Zebra, $7.99, ISBN 978-1-4201-3796-5
Sci-fi Romance, 2016
Shadow Falling follows Mercury Striking, which I wasn’t impressed with at all, so I am surprised by how much I like this one. Don’t worry, this one stand alone quite well, although characters from the previous book show up here as well, and both books share a common theme and setting, so references to the previous book are present here too. But the story arc moves so slowly that new readers will have ample time to catch up and get used to the whole thing. Oh yes, this is actually a slow-paced story, despite what the cover may suggest. The action scenes are packed late in the story; the bulk of the story is the standard “man gets hot while hovering over vulnerable damsel” tale that has been done to death already in the whole “alpha male fantasy” genre.
Okay, just a short and simple recap: the world has been demolished by the Scorpius virus, and those infected are called Rippers, because the virus affects their brains and awaken their base impulses, turning them into vicious killers. Those who are still sane are forced to stick together and take up porn star names such as Lynne Harmony, Jax Mercury, and in this one, Vinnie Wellington and Raze Shadow. People, if a virus or zombie apocalypse hits, please remember to call me Jiggly Monsoon, thanks.
Before this story opens, Raze and his buddies rescued Vivienne “Vinnie” Wellington, a former FBI profiler, from the captivity of the President of the United States himself, who had turned into a Ripper. Now, Vinnie is doing that ooh-nightmares can’t-sleep thing while Raze tries to soothe her raw nerves by coming on to her when she has barely stopped shaking. Hey, don’t judge – the world has gone to hell, so those folks probably had no time for foreplay and sensitivity anymore. Besides, it’s an alpha male thing, and if his behavior doesn’t make you all mushy and moist inside, then you will be stricken off the author’s fan club membership list and no alpha male will press you against the wall when you least expect it to hump you like a true hero. Anyway, Raze finds her vulnerability and beauty sexy, so these two spend a lot of time with him doing that “Aww, are you feeling traumatized? Come press your cheeks against my rock hard pecs!” thing and she doing her best to stay strong while at the same time oozing the sexy kind of haplessness that turns him on even more.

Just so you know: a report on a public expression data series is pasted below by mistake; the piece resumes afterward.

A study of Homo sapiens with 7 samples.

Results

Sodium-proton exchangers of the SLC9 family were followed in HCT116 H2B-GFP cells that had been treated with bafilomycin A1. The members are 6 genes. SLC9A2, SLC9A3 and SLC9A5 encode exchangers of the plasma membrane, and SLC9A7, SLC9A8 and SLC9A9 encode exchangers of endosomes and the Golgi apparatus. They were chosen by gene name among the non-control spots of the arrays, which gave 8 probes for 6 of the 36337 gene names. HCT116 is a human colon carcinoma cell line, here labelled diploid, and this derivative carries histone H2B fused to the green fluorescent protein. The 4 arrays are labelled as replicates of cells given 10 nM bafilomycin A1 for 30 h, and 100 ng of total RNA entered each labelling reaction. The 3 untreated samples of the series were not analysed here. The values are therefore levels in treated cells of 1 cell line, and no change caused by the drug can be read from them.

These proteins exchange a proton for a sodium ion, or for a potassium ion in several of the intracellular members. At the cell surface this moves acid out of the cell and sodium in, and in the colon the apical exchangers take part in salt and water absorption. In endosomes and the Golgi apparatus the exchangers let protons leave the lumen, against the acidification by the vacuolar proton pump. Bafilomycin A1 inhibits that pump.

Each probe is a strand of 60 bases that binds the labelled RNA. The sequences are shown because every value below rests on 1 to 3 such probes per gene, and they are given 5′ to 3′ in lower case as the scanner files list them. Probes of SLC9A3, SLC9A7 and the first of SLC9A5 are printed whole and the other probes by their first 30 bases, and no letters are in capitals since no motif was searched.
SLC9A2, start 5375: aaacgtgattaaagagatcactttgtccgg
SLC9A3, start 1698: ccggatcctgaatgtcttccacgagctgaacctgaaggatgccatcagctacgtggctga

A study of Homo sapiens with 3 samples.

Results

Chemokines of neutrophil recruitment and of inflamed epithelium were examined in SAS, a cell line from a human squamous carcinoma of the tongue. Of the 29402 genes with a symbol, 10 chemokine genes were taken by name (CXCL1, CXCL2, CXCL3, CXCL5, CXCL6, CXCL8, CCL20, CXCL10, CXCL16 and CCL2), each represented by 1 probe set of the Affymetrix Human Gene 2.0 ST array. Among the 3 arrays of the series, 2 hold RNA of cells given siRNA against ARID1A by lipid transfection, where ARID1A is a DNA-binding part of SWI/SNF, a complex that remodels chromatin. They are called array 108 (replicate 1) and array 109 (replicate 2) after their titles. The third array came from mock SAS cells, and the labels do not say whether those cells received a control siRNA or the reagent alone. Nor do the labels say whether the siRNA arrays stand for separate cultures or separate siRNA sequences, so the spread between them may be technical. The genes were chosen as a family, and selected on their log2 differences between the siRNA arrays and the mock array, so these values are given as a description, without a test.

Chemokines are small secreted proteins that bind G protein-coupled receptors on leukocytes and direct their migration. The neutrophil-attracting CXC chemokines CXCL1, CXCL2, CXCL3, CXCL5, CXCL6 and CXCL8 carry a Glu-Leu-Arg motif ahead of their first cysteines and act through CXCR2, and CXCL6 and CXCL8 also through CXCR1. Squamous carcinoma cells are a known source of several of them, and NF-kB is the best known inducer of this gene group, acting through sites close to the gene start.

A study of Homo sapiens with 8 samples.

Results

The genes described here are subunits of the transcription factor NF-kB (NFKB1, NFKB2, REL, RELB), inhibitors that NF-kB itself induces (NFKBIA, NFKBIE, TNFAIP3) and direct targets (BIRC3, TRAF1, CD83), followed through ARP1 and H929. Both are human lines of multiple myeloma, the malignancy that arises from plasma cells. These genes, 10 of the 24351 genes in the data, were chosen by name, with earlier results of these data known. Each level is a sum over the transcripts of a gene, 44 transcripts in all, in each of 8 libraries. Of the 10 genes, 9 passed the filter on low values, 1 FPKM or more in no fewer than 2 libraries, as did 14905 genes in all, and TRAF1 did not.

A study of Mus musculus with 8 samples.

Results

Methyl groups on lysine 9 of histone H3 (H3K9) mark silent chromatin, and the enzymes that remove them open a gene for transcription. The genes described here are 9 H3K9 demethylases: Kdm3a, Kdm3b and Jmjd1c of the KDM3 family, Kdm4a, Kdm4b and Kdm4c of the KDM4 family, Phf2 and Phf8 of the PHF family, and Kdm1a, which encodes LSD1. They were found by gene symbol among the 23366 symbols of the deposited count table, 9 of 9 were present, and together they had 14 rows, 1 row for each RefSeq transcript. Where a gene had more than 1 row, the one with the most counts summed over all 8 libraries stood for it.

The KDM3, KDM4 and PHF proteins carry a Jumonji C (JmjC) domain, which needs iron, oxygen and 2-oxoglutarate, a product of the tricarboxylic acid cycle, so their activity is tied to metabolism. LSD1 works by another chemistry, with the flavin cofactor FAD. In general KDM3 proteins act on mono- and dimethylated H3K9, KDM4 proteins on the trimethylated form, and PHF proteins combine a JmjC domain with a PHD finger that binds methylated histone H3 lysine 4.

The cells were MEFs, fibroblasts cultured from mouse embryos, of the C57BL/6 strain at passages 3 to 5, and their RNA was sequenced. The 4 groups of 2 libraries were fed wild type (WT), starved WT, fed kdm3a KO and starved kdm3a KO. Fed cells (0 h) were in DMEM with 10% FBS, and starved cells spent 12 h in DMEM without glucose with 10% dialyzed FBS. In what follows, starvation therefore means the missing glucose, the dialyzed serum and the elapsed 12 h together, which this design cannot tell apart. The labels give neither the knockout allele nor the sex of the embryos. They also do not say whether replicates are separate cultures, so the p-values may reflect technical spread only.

I know, I’m being very sarcastic when it comes to the synopsis, but that’s what this story is. For a long time, it’s a rehash of the Alpha Male and the Traumatized Lady story, and readers who are familiar with stories by other authors that write urban fantasy alpha male wish fulfillment stories will find this one pretty predictable, like another go at a favorite meal in a restaurant that one patronizes regularly.
But here’s why this one works for me: the fantasy works. Let me explain. Despite his horrible name and some contrived alpha male pretensions, Raze is actually a pretty well-rounded guy. Sure, he’s overpowered like every other guy of his ilk, but there is an endearing tenderness underneath his protectiveness. Despite his constant claims that he finds Vinnie’s vulnerability sexy (which is icky, if you ask me), he never appear too much of a stalker, creep, or weirdo. It also helps that he’s not some oversexed caricature like some of his fellow alpha males – I find Raze to be more of a reliable action hero whose brooding, protective nature is quite the selling point. Okay, so I found Vin Diesel’s character in Pitch Black sexy – sue me, but Raze has the same effect on me.
As for Vinnie, yes, by all standards she’s that chick that the hero is supposed to get all overprotective over, but I feel that the author succeeds in making her a bit more than that. Vinnie’s trauma may hold her back, understandably, from kicking much ass, but she is still capable enough to contribute to the good guys’ cause in her own way. After all, she has the smarts and the knowledge too, and I also like how she is strong and determined enough to keep heading onwards despite all she has endured in the past. When she claims that she and Raze play on an equal footing, I believe her, because I feel the same way too. Vinnie may be placed in a position of weakness, but she’s by no means weak.
Therefore, I find myself completely absorbed by their interactions for a big chunk of the story. It is later in the story, when both our hero and heroine find that their respective pasts have caught up with them, that the action kicks in, and by then, it’s nice to see how they get to walk to talk. He’s all capable and action hero-y, while she can certainly hold her own even when crap hits the roof. The action-heavy part is also where sequel baiting is the heaviest, but I’m okay with that because the author doesn’t let this overpower the main couple.
Another plus is that, unlike the previous book, the balance of sex and love is just right here, as is the balance of action and quiet moments. Shadow Falling, in other words, is a solid example of an admittedly overdone premise executed in a style that is pure boss.